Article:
Dogs living in urban environments have more social fearfulness than their cousins in rural areas. These finding was made by researchers at the University of Helsinki and published in the journal Scientific Reports.
Excessive Fearfulness a Behavioral Problem
Fear helps animals survive in threatening circumstances but when it is excessive, it becomes a behavioral disorder. This excessive fear can impair a dog’s welfare and even weaken the relationship between dog and owner.
Social Fearfulness in Dogs
Social fearfulness is related to a dog’s fear of unfamiliar human beings and other dogs. In this study, the researcher investigated social fearfulness in a database of almost 6,000 dogs. This dataset came from a larger behavioral survey covering almost 14,000 dogs.
Urban Dogs are More Fearful
The researchers found inadequate socialization of puppies to various situations and stimuli had the strongest link with social fearfulness. They also found that dogs that live in urban environments had more social fearfulness than dogs living in rural environments. There were also evidence that social fearfulness was more common among neutered females and small dogs.
“This has not actually been previously investigated in dogs. What we do know is that human mental health problems occur more frequently in the city than in rural areas. However, further studies are needed before any more can be said about causes pertaining to the living environment,” said Jenni Puurunen, one of the study authors.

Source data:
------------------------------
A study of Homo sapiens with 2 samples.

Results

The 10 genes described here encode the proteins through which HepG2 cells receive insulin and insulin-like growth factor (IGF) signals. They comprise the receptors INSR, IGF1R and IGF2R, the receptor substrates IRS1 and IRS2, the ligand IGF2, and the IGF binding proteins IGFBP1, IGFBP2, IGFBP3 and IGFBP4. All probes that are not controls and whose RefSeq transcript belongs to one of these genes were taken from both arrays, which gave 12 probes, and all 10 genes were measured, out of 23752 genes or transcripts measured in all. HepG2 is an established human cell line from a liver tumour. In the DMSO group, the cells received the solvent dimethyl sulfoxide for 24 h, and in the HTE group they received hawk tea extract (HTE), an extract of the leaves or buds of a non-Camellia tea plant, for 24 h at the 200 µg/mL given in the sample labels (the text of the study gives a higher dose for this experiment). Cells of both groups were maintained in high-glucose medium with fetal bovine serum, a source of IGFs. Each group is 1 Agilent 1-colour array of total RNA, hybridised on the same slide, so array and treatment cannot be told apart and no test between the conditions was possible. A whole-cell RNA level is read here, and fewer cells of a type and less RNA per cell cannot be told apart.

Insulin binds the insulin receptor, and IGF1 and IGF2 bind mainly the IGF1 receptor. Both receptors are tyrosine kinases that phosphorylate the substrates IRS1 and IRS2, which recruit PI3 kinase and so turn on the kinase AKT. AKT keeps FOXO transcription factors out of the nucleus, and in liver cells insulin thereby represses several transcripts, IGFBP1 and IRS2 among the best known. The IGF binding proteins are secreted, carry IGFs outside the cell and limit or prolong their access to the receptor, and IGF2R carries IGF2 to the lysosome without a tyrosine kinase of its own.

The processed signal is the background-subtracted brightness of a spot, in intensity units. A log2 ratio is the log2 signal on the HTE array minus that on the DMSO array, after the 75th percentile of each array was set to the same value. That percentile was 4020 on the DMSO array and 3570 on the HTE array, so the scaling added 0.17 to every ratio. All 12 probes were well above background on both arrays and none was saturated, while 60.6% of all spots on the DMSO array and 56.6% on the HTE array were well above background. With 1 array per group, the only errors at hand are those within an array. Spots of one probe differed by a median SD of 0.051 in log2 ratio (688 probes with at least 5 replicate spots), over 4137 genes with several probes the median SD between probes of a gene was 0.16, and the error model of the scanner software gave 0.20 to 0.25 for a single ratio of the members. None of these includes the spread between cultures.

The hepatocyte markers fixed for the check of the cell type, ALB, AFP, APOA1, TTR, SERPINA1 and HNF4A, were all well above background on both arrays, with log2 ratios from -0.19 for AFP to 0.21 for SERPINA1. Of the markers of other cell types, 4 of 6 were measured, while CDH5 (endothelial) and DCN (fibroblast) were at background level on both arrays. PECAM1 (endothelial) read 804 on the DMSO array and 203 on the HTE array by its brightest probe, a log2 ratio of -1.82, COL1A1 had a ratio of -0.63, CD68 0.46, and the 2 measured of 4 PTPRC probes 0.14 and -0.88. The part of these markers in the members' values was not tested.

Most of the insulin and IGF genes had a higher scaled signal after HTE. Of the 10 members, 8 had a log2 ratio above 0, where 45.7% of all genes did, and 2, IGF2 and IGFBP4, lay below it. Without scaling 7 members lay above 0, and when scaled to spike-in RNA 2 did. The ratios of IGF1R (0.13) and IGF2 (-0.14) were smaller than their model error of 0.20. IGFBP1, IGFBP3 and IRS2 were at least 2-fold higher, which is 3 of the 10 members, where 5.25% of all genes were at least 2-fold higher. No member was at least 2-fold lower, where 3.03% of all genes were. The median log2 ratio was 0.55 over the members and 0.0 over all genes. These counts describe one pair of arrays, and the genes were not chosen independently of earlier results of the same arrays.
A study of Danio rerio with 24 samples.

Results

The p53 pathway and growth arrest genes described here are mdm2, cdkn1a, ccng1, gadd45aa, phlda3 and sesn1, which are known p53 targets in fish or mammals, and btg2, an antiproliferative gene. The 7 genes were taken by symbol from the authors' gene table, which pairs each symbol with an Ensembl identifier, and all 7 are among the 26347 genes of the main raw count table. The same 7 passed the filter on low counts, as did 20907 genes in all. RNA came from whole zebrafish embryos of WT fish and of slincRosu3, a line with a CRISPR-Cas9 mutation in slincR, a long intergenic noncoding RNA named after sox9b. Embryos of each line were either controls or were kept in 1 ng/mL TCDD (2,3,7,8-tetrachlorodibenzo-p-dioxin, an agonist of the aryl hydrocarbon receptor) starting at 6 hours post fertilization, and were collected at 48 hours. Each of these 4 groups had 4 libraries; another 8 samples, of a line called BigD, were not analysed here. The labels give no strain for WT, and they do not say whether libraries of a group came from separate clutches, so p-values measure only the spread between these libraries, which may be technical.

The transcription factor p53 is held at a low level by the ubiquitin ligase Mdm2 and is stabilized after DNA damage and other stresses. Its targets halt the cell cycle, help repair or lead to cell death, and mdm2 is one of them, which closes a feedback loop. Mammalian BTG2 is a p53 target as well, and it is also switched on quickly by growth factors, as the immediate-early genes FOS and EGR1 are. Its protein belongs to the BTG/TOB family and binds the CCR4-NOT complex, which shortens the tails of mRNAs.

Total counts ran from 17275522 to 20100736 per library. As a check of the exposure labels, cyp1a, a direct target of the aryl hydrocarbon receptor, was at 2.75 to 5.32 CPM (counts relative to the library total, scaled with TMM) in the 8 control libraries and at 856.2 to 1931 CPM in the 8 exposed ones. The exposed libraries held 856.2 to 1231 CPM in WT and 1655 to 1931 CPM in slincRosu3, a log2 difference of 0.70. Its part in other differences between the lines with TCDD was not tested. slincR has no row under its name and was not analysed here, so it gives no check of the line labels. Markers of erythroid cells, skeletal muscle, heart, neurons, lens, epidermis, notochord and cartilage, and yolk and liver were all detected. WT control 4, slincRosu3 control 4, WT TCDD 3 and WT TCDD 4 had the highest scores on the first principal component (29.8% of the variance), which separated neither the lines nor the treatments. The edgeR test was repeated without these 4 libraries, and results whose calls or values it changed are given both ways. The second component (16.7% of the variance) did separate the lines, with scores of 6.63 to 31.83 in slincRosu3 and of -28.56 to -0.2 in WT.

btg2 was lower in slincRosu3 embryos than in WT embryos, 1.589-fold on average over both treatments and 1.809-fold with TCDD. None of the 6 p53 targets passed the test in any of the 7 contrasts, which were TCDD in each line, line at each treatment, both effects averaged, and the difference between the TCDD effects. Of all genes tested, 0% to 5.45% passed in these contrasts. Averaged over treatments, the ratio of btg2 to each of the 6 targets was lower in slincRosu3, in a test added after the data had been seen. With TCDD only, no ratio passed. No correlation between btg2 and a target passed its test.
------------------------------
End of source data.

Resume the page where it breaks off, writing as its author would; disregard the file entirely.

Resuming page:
Fearful Dogs are Less Active
Another factor associated with fearfulness was activity. Dogs that were more fearful were less active that bolder dogs. Also, owners are less likely to involve fearful dogs in various activities. Owners are simply less active with more fearful dogs. Fearfulness, thus, may have an impact on the relationship between dogs and owners.
Fearfulness Varies in Breeds
Fearfulness also varied significantly among breeds. Spanish Water Dogs and Shetland Sheepdogs expressed social fearfulness the most, while Wheaten Terriers were among the bravest breeds. The Cairn Terrier and the Pembroke Welsh Corgi expressed only little fearfulness towards other dogs.
How This Study Can Help Dog Owners
The results from this study can be applied to help man’s best friend, said the researchers. Owners can be encouraged to socialize their puppies more, keep them active, and give them more diverse stimuli. Also, owners can make more careful breeding choices to significantly decrease social fearfulness in dogs.